Likud minister: I don’t buy claim rockets fired at Tel Aviv were a mistake

Tzachi Hanegbi says government not interested in being dragged into war with Hamas, suggests critics in opposition not satisfied with Israel’s response because no Gazans killed

Jacob Magid is The Times of Israel's US correspondent based in New York

Tzachi Hanegbi speaks at a cultural event in Ra'anana on March 16, 2018. (Screen capture/Ynet)
Tzachi Hanegbi speaks at a cultural event in Ra'anana on March 16, 2018. (Screen capture/Ynet)

Regional Cooperation Minister Tzachi Hanegbi said on Saturday he does not believe an Israel Defense Forces assessment that a pair of rockets fired at Tel Aviv two days earlier were launched by mistake.

“We have not received any explanation for the mistake, but personally I do not believe that it was a mistake,” the top Likud minister said during an onstage interview at a cultural event in the central town of Ra’anana.

In response to the rockets, Israeli war planes hit over 100 Hamas targets in the Gaza Strip overnight Thursday and Friday morning.

Hanegbi said: “Even for mistakes, if that is indeed what it was, one must pay. We stopped after 100 targets were destroyed, but we have countless other targets if necessary.”

The rockets fired toward Tel Aviv were the first such occurrence since a major conflict in 2014, and did not hit residential areas and caused no direct injury.

An IDF assessment found that the rockets were possibly fired toward the coastal city by mistake, and that low-level Hamas forces were responsible for the launches. It was not clear if the IDF believed it was a technical malfunction or human error.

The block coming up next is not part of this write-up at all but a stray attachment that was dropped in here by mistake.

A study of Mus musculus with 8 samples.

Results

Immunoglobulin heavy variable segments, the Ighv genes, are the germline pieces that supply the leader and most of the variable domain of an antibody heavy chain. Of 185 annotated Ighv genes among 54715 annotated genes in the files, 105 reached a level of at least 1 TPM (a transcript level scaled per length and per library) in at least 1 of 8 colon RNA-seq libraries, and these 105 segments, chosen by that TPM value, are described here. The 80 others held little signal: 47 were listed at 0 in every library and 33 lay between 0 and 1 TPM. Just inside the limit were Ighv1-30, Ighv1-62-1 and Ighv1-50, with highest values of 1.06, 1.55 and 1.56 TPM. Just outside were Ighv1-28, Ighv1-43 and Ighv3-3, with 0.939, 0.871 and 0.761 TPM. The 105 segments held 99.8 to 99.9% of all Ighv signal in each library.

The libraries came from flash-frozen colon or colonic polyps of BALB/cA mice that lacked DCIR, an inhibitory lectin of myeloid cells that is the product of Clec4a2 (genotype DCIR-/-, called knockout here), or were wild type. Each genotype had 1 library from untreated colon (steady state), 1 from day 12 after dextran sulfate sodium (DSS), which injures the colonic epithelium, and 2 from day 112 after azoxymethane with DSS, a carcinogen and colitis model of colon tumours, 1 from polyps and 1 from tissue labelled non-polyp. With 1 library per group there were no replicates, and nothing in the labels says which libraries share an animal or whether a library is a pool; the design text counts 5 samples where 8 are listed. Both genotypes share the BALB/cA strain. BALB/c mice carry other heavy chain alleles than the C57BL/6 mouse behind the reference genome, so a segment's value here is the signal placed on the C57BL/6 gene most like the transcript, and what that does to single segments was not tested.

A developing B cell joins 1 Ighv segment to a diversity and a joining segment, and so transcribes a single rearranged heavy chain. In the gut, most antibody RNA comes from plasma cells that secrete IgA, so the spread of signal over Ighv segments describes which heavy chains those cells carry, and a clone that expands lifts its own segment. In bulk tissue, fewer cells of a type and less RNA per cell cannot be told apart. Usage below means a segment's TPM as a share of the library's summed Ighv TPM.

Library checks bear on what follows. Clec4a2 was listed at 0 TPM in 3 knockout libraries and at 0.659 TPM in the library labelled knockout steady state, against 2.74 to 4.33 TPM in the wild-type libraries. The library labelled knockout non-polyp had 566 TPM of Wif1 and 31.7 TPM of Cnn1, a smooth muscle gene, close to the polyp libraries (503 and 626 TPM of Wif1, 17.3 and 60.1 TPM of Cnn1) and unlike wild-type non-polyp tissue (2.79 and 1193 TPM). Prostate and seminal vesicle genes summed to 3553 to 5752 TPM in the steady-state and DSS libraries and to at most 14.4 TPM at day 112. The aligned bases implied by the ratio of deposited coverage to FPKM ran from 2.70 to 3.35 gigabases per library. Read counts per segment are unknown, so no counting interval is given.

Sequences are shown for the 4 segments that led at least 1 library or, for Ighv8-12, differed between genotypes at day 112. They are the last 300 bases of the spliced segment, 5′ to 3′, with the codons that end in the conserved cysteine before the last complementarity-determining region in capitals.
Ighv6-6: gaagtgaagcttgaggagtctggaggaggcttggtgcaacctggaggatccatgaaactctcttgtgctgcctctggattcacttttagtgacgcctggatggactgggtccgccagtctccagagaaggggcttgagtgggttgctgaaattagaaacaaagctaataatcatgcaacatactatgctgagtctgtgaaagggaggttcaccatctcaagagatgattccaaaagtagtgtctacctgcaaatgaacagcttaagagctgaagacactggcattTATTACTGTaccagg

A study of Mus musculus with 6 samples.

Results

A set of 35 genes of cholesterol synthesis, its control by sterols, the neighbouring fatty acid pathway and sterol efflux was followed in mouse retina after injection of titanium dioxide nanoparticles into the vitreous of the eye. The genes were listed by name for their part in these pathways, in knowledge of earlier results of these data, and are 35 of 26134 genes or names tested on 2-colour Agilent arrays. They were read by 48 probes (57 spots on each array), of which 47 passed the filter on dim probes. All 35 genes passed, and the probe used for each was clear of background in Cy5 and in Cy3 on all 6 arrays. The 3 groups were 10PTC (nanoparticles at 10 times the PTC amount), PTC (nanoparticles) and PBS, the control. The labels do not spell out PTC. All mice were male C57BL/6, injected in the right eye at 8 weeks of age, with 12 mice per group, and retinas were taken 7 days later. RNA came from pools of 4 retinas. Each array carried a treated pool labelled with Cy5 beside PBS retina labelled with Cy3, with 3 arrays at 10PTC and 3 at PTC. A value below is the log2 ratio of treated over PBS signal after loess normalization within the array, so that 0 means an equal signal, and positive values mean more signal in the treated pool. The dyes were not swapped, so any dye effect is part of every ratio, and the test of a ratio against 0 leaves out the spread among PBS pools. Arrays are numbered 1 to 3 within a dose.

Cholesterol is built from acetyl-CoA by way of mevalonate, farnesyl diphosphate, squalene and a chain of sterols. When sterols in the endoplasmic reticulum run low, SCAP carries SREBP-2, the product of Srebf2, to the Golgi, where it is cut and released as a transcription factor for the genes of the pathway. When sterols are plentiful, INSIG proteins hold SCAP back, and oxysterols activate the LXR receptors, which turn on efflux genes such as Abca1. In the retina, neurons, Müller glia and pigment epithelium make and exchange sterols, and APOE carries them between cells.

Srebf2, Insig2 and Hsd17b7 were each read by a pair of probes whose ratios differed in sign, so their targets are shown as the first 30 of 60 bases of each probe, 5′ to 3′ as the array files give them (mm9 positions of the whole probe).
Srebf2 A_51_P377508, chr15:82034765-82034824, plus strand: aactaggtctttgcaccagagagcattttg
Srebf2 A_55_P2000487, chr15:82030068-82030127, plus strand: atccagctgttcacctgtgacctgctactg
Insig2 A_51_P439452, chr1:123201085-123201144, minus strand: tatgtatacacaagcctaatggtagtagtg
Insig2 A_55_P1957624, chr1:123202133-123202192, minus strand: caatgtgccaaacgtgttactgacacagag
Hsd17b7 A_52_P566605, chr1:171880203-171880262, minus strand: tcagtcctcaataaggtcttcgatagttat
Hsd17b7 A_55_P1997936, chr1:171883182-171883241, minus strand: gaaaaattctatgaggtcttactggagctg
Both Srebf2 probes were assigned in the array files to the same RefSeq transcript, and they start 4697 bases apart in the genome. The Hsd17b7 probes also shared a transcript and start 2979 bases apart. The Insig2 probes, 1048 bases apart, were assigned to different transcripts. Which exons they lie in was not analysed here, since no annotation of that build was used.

A Palestinian man walks past a crater on the ground following an Israeli air strike targeting a site belonging to Gaza’s terror group Hamas, in Khan Yunis in the southern Gaza Strip, March 15, 2019. Israel struck Gaza terror targets after 2 rockets were fired at Tel Aviv from Gaza. (Said Khatib/AFP)

On Thursday, a Hamas official told The Times of Israel that the terror group “has no interest in an escalation” with Israel. The official said he had “no idea” who fired rockets toward Tel Aviv.

The Hamas-run interior ministry called the rocket fire “outside the national consensus” and said it would exact measures against those behind it.

On Friday, Channel 13 reported that low-level Hamas operatives “messed with” a Gaza beach rocket launcher that was set up to target Tel Aviv in the event of future conflict, causing two Fajr-5 missiles to fire.

News of rocket sirens blaring in Tel Aviv broke as Yahya Sinwar and other Hamas leaders were meeting with an Egyptian delegation trying to mediate eased Israeli economic restrictions on Gaza, the report said.

The Egyptians then called Israeli defense chiefs and relayed they had been told the launch was a mistake. Israel told the Egyptian delegation to leave Gaza — the delegates crossed into Israel at the Erez border crossing — and then began its retaliatory strikes on Hamas targets.

An incoming Gaza rocket against the backdrop of the Tel Aviv skyline, March 14, 2019 (Screen capture/YouTube)

Late Friday morning, Palestinian media and the Kan public broadcaster reported that Israel and Hamas had reached a ceasefire. There was no confirmation from Israel.

Hanegbi also took issue with criticism from political opponents including Blue and White chair and former army chief of staff Benny Gantz and New Right head Naftali Bennett, who said that Israel’s response had not been forceful enough.

“Our response was strong and firm, so when I hear that some are asking for even stronger action, I assume that our strong and powerful attack, which did not lead to casualties, was not enough for them,” he said, suggesting that rivals were judging success by the body count on the Palestinian side.

“We acted in a responsible and reasonable manner. We have no desire to be dragged into war,” Hanegbi added.